In 1896, in Plessy v. Ferguson, the Supreme Court ruled that separate but equal accommodations for blacks and whites were constitutional. Seven years before the doctrine was overturned, in 1954, Jackie Robinson signed a contract with the major leagues; he defined his experience as being “a black man in a white world” (279). With the separate but equal doctrine still in place, how was Jackie Robinson able to land a contract with the major leagues, and what role did he play in the Civil Rights Movement?
Ever since he was a little boy, Jackie Robinson endured excessive racial discrimination. He said, “I must have been about 8 years old the first time I ran into racial trouble,” describing an encounter with his neighbor (5). He was outside his home in Pasadena minding his own business when a girl across the street started bawling racial remarks at him. When he answered with retaliation, the girl’s father stepped outside onto the lawn. ...view middle of the document...
The seats were comfortable and commodious; they even had a little push button that allowed the seats to recline. At one of the stops along the route, additional people boarded the bus, forcing Jackie and Rachel to surrender their seats. He said, “the driver gestured us to the back” which is where the seats for the colored people were. When they made their way to the back of the bus, they realized the seats were dreadfully crowded and many of them did not even have adequate space to sit down. He also described the seats as “straight-backed, no little push button, and no reclining seats” meaning that seats reserved for colored people were far less accommodating than those for the whites (40).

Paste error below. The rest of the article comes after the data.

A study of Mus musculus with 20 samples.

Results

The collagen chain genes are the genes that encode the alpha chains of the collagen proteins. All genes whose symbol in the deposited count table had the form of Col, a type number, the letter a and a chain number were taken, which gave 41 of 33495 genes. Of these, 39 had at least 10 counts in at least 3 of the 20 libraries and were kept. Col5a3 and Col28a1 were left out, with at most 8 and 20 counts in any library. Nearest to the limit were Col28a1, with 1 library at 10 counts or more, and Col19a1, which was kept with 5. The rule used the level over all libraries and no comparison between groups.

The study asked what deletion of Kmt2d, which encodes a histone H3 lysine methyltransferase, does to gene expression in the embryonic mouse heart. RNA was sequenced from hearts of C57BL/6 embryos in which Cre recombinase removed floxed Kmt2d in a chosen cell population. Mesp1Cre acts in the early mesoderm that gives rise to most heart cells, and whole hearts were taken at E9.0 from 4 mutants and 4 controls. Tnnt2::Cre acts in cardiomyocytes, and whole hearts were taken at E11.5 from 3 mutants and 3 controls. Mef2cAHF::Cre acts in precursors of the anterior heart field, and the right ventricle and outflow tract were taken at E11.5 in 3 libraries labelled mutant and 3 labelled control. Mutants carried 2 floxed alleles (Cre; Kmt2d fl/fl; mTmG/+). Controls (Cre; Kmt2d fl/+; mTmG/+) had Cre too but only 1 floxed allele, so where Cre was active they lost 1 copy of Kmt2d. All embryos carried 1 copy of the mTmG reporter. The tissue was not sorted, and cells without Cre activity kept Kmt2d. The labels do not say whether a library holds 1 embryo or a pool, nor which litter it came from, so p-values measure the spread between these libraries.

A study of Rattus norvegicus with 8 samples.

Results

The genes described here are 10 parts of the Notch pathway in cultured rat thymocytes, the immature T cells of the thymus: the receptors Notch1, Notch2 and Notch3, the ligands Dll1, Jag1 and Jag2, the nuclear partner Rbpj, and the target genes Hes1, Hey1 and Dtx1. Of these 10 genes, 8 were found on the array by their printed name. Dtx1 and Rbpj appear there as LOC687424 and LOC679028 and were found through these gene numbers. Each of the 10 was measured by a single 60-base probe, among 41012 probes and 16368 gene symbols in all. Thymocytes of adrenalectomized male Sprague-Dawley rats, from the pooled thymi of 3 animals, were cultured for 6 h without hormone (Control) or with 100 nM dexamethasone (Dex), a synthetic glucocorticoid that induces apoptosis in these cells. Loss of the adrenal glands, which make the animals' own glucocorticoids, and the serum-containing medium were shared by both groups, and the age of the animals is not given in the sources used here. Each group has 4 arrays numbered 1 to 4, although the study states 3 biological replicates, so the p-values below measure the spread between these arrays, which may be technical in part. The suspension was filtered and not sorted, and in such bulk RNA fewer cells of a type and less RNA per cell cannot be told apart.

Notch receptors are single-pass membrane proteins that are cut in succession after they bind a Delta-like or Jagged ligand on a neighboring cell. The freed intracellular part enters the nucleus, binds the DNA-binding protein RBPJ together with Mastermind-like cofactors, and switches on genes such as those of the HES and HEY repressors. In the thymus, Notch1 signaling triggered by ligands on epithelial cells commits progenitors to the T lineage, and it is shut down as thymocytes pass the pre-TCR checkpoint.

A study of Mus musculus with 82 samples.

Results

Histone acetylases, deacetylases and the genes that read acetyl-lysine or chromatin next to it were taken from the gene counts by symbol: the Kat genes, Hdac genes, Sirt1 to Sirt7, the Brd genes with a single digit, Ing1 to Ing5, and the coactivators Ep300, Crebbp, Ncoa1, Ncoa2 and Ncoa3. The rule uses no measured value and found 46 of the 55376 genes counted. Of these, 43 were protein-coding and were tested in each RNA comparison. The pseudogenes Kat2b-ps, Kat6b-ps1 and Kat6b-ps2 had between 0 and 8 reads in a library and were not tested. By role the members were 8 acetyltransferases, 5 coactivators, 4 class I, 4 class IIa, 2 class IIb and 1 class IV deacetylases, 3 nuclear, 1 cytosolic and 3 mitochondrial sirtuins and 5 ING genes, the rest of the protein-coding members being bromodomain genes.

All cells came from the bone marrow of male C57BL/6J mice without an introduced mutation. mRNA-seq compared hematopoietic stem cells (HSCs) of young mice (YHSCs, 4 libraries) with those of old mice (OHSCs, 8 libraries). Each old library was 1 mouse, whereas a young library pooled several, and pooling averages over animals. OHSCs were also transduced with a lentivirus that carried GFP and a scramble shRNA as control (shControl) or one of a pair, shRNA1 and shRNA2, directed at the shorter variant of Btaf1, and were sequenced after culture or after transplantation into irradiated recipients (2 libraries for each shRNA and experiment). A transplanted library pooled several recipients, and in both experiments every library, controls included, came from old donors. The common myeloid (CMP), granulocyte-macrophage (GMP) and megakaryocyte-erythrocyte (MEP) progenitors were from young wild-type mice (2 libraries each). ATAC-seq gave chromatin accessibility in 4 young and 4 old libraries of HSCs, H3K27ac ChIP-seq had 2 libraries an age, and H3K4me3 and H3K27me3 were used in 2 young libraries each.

The racial discrimination that Jackie Robinson suffered, motivated him to push the Civil Rights Movement to the next level. He successfully made his contribution when he broke the color barrier by becoming the first black person to ever perform in a major league baseball game. However, this was not always a pleasurable experience for him. Even his own team’s fans taunted him, however, he was forced to disregard these ruthless comments to prevent the occurrence of a violent outbreak. Despite being discriminated against, he had an adequate contract for the time period; he described it as a “$600 [per] month salary” with a “$3,500 bonus” (34).
Throughout his life, Jackie Robinson endured severe discrimination. He first noticed it when he was young, but the predicaments did not cease. Instead, the struggles only continued to grow worse as he grew older. The problems he faced motivated Jackie, and gave him the courage, to fight for equality among blacks and whites. At the time of his death, racial discrimination was still an issue; however, breaking the color barrier along with his other achievements helped the push for equal rights. Even though he had to tolerate unwarranted gestures, his fans eventually grew to love him and he became a real hero in the Civil Rights Movement.
Robinson, Jackie, and Alfred Duckett. I Never Had It Made. New York: Putnam, 1972. Print.
Zimmerman, Thomas. "Plessy v. Ferguson." Bowling Green State University website (1997).